A 10-day summer student exchange trip between Rapid City and Nikko City, Japan, has been canceled because of parental concerns over safety issues about a damaged nuclear plant that continues to leak radiation.

"We decided to cancel the 10-day summer exchange to Japan because of too few students," said Travis Sutterfield, president of the Rapid City Nikko City Sister City Association. "And Nikko has other things to worry about than our children right now."

The two areas have enjoyed annual cultural exchange trips since the sister city program was established with Japan in the early 1990s. A delegation of students from Nikko City is still scheduled to visit Rapid City this summer.

Rapid City parents started pulling their children out of the 2011 exchange trip when the nuclear power plant catastrophe became an ongoing safety concern after the March 11 earthquake and tsunami in Japan. The level of radiation that continues to leak from the crippled Fukushima Dai-ichi nuclear plant was upgraded this week to a level 7 from level 5 on the International Nuclear and Radiological Event Scale.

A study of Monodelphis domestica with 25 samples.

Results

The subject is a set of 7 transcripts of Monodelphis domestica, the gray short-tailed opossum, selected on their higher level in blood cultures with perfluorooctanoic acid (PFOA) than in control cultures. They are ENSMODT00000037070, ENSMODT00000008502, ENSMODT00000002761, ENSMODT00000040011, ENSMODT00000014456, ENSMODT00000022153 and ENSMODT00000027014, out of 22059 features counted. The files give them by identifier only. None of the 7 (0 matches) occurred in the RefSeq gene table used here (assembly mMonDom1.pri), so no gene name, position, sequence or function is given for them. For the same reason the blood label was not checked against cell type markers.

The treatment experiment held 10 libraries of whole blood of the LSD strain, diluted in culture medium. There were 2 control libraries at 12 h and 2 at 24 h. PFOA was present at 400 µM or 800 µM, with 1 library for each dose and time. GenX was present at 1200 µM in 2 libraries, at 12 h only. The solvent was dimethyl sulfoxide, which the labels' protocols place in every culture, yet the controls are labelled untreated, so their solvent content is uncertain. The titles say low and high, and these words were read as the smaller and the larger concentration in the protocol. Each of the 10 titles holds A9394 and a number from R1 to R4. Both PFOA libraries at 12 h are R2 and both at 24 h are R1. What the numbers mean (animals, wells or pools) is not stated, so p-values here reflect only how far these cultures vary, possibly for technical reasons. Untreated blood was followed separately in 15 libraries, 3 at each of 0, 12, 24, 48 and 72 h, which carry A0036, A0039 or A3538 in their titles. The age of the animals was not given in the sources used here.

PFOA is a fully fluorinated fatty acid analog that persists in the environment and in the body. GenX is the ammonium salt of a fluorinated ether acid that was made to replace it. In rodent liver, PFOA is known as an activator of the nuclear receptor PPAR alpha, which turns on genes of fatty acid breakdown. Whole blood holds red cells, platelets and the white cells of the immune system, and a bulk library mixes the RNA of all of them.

Despite a declaration of safety for tourists by Nikko City, Sutterfield said he can't blame parents for pulling out of the trip. The official website of the city government in Nikko City says testing for radiation levels in its water sources, air and food supplies have all been proven to be within safe limits. That information is available online at www.city.nikko.lg.jp/gyousei/documents/sengen-e.pdf

In response to the canceled trip, the sister city association has decided to replace its annual East Meets West fundraiser -- which helped pay for travel costs -- with a tsunami/earthquake relief event, Sutterfield said. A silent auction is scheduled for 2 p.m. to 4 p.m. Saturday at the Peace Officers Club, just off Catron Boulevard, at 2500 Golden Eagle Drive. Food will be served.